The first time I ever heard of an MBA program was when I was 13 and my brother was showing me around his University. “There’s the Teacher’s College. And there’s the law school – many top lawyers come out of there. And that building houses the MBA program, which is famous for producing some of the world’s most evil people.” Ok, so I’m not getting an MBA, I thought at the time. At least not from THERE. (Out of respect for the many fine people who went ‘there’, I’ll leave out the name.)

However, after only a few years had passed, I was already committed to using for-profit tools to realize the change I wanted to see in the world. The problem was that I kept getting signals that business wasn’t for me. My college economics professor told me I just didn’t strike him as a business person and should go into academia. I was denied my first consulting job because, as it turned out, they thought I was too ‘thoughtful’ and that it would clash with their business culture. And even after some successful stints in entrepreneurship and consulting, many of my passions still sound like they are more often found in the domain of the nonprofits, making me fear I would feel isolated and out of place at any MBA program – INSEAD included.

I love being wrong

Without even starting a single class, it’s clear that I was wonderfully wrong! Soon after my acceptance, I discovered a hyper-active (in a good way) online community of my future classmates, self-organized to such efficacy that I would’ve thought it had been set up by the school itself. Parallel Facebook and Slack communities for the INSEAD 18J class were bursting with introductions and excited responses, meetups, interest groups, and even trip proposals. But even more exciting was the non-self-conscious, unreserved, unqualified positivity and warmth that came through the conversations.

One student – Mohammad Ashgar – began chatting with me about his time in Saudi Arabia working for the Islamic Development Bank. We then traded stories of inspirational, market-driven humanitarian programs that most fascinated us and discussed which ones might be viable in other markets. Another, Peter Morgan, debated the economic impact of migration policy with me while also sharing his thoughts on the business opportunities of blockchain technology. A third, Ana Lozano, eagerly weighed the pros and cons of impact investing with me as we discussed the most effective ways to promote large-scale economic development through business. And a fourth, Francis Thomas, not only happily shared about his work experience at a potential dream employer of mine with me but also started helping me strategize on how to get a job there, myself. And all of this was without meeting any of these amazing people in person.

Unrealistic dream trip: Go!

Out of our earlier conversations, Mohammad and I decided to propose a trip to the Middle East with a focus on economic empowerment and entrepreneurship. After crowdsourcing ideas, the plan is looking like it will be a reality, with a sizable group of us visiting a special economic zone and refugee camp in Jordan as well as a tech hub in the newly opened city of Rawabi in the West Bank. Further additional side trips to other regional cities are also in the works, as well. We were inundated with interest and offers to help organize and co-lead – something for which I am deeply relieved and thankful as this will be quite an undertaking. But the thirst for meaning-filled endeavors and careers is clearly present in this community.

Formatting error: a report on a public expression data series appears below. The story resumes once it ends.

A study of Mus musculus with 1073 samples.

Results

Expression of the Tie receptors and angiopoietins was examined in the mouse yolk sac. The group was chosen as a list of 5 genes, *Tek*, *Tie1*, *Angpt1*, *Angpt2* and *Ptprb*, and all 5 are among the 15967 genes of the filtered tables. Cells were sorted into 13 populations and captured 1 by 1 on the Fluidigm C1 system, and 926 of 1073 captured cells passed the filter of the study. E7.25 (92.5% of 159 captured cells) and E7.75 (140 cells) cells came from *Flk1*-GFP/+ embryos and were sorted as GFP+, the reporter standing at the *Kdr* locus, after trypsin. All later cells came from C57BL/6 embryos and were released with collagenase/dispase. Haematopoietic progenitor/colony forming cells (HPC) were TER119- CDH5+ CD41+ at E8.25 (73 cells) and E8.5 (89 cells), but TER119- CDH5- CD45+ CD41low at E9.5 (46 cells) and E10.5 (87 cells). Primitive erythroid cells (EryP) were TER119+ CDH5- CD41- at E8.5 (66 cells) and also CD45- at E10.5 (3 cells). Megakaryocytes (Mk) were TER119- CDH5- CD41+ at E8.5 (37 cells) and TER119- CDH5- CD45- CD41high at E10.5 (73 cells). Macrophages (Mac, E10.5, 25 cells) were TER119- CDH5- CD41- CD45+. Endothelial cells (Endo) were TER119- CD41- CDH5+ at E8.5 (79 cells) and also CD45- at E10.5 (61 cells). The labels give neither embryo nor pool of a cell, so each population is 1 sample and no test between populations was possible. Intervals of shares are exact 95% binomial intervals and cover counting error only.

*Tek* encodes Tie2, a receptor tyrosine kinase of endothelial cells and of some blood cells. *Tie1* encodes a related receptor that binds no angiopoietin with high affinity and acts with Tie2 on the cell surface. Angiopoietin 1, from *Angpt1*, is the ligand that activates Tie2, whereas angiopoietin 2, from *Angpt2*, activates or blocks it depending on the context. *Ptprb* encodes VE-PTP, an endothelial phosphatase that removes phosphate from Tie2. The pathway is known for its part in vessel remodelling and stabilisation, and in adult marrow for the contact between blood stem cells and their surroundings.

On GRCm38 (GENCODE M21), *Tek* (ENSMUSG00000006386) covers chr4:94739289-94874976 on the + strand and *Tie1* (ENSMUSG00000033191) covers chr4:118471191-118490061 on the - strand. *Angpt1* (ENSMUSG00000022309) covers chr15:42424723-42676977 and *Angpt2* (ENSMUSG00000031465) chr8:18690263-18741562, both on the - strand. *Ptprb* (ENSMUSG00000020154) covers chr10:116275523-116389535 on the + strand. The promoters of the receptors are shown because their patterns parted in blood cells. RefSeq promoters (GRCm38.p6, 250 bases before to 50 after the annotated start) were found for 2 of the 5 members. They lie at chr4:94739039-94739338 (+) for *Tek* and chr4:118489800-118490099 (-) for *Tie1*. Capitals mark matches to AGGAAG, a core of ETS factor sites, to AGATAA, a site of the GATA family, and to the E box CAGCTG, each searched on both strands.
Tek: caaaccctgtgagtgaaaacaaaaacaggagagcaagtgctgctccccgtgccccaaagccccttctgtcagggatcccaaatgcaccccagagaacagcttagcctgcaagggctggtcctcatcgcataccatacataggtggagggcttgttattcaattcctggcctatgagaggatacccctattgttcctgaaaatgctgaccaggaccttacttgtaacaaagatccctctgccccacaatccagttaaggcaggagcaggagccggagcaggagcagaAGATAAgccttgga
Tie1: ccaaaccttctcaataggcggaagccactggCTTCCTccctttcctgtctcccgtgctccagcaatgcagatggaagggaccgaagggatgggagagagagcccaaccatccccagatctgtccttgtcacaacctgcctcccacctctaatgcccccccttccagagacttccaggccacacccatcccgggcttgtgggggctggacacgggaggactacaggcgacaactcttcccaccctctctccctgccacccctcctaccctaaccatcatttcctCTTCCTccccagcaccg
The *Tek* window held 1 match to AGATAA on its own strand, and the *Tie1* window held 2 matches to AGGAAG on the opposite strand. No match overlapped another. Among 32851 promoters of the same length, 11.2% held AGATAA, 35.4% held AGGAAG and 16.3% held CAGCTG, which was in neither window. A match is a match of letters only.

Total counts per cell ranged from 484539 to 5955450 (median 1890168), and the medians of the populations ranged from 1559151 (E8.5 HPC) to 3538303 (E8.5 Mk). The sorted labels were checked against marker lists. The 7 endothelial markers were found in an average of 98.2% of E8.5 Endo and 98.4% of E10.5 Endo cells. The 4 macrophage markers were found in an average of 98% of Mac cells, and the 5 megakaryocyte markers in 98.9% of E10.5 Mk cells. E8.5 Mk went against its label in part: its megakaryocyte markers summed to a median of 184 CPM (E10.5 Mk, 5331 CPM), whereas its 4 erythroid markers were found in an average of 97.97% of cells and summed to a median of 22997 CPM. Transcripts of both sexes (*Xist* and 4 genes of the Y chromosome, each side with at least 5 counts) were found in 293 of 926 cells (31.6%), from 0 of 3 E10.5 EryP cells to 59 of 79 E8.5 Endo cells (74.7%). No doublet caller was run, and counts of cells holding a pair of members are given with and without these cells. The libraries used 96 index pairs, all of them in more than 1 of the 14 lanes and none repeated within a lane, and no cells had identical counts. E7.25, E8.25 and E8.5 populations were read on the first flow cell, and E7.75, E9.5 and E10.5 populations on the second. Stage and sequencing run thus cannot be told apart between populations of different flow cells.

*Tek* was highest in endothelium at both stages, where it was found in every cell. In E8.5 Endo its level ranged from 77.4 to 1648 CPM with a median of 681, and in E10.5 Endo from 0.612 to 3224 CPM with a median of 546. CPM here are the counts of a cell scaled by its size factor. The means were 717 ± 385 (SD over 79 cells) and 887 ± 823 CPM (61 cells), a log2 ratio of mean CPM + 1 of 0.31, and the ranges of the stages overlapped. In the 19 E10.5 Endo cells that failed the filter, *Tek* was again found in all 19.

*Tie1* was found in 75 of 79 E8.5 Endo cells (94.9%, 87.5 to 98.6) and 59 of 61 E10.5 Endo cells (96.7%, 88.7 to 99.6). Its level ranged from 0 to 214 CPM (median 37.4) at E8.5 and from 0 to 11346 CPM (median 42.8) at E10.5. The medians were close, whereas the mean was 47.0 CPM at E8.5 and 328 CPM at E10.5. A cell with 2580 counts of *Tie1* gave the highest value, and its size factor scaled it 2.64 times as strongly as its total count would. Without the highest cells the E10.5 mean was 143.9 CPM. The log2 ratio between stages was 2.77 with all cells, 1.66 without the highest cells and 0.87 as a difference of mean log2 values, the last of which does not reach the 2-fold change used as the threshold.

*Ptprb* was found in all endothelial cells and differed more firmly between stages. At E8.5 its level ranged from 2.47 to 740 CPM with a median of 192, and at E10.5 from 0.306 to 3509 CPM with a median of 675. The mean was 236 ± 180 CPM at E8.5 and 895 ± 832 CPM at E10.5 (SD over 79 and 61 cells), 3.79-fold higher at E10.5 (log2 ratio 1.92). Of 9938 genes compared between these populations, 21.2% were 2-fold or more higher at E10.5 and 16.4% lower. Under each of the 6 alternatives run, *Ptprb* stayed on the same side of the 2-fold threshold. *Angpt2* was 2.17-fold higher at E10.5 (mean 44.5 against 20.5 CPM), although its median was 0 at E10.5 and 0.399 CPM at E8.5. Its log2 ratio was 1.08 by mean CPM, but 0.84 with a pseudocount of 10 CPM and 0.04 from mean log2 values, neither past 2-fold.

When I started actually meeting my future classmates in person, the feeling that these encouraging first impressions made were solidified. Almost regardless of industry, talk of aligning profit with purpose proliferated all of our conversations, whether it be talking about health tech to address global pandemics (thank you, Alison Rhines!), clean energy finance and consulting to address the needs of our environment (thank you, Matt Bevins!), or the use of Private Equity to empower emerging markets (thank you Abdelaziz “Biso” Sarhan and Céline Fauconneau Dufresne!). Activities and meetups are being planned daily. Resources are being shared. And positivity permeates every interaction. Inclusivity and collaboration is the overarching feeling here while competition and social pressure seem to have been left behind.

To be fair, classes haven’t even started, and the intense stress of sleep deprivation and job search has yet to descend, so I could be writing with a very different tone in my next post. But given everything I’ve heard and what I’ve already experienced, I’m not losing sleep over it. I’d rather lose sleep having more exhilarating conversations with my new classmates instead.